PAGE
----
My Journey of Overcoming Binge Eating

This article is written by a student writer from the Her Campus at Bryn Mawr chapter.

My first semester at Bryn Mawr was hectic. For no reason, or for any reason, I was stressed. The new environment was overwhelming, and I turned to food to feel better, only to feel worse by the end of the day. Going to the gym was a chore and a punishment to get rid of my guilt for having an unhealthy lifestyle. This routine went on for the entire fall semester of my freshman year.

Then, winter break came. Being out of school with much more time to reflect on myself, I realized how unsatisfied I was with my life. Although I was still binge eating, I didn’t even get much instant gratification out of eating, either. It had just become my habit. So I promised myself to reflect on my diet more honestly, then slowly improve my unhealthy relationship with food. 

First, I simply wrote down what I ate every day. Before, I was dishonest to myself about my food intake. Whenever I would overeat, I told myself “it’s fine”, yet felt so guilty by the end of the day because I was extremely bloated. Food journaling helped this unconscious diet. After I started to journal, I was much more aware and was able to adjust my meals to a better portion and better macronutrients. Food is so important. It not only gives energy to our body to function, but it also affects our hormones. Reflecting on what I eat, how much I eat, and how I feel by the end of the day has helped dramatically in improving my unconscious binge eating.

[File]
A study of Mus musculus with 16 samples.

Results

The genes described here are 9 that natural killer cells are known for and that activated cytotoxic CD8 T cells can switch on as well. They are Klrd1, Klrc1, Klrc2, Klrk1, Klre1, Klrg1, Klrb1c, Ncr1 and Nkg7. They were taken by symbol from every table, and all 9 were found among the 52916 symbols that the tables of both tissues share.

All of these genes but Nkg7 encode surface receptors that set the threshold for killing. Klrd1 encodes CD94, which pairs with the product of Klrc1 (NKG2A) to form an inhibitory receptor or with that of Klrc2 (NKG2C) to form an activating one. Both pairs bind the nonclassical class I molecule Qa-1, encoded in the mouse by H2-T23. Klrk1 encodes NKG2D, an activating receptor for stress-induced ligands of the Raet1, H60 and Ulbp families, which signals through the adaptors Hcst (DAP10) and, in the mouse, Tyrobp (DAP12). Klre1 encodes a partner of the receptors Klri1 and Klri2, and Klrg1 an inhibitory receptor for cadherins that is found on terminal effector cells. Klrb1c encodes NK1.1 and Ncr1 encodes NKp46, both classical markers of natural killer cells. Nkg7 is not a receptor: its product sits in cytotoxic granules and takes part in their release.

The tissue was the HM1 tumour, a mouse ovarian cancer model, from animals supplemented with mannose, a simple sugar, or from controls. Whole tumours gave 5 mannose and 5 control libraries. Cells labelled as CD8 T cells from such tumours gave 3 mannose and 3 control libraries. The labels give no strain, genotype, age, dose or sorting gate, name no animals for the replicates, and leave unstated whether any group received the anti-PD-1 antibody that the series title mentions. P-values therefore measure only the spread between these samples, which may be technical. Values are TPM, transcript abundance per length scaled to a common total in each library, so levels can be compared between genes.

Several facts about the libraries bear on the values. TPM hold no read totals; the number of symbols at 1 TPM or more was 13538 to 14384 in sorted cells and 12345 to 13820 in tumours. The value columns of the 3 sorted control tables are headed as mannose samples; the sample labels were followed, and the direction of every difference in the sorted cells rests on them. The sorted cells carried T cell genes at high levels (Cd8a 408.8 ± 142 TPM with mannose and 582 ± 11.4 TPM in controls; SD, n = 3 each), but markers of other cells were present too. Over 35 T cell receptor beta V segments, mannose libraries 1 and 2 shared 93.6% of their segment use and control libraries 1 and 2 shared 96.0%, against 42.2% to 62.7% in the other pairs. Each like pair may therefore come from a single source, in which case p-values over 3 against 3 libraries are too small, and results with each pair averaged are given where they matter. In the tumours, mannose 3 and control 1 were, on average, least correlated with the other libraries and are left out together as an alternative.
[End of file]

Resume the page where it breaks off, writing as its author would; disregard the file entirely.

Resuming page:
Also, slowly eating less processed food and transitioning to natural food helped my overeating. I know it sounds hard, and I’m not gonna lie, it was so challenging! But that’s why I didn’t drastically stop eating processed, salty and sugary food. When I tried to cut it out of my diet entirely, I found myself overeating the next few days out of more stress and more hunger for those foods. Instead, I ate alternatives to unhealthier meals. Rather than buying sugary fruit juice, I made my own smoothie with veggies and fruits of my choice. I still eat chips and ice cream, but I eat much less often and in much smaller portions.

Ultimately, my journey has more to do with being comfortable with my eating habits than anything else. When I used to binge eat, I wanted to hide what I ate and how much I ate from others because I was so ashamed. Now, I am aware of my diet and am working slowly to eat healthier, so my shame has gone away. My body is fueled by a good balance of healthy meals and comfort food. 

Although I still slip up sometimes, binge eating is not my habit anymore. I’m proud of how comfortable I am with eating. I hope many of you all can build healthy relationships with food instead of feeling guilty or ashamed of what you eat.

Yeri Lee

Bryn Mawr '23

I'm an international student studying philosophy and sociology from Korea at Bryn Mawr College. I listen to K-hiphop the most (but also enjoy Frank Sinatra, Queen, etc). Talk to me all day about current events, philosophy, and history!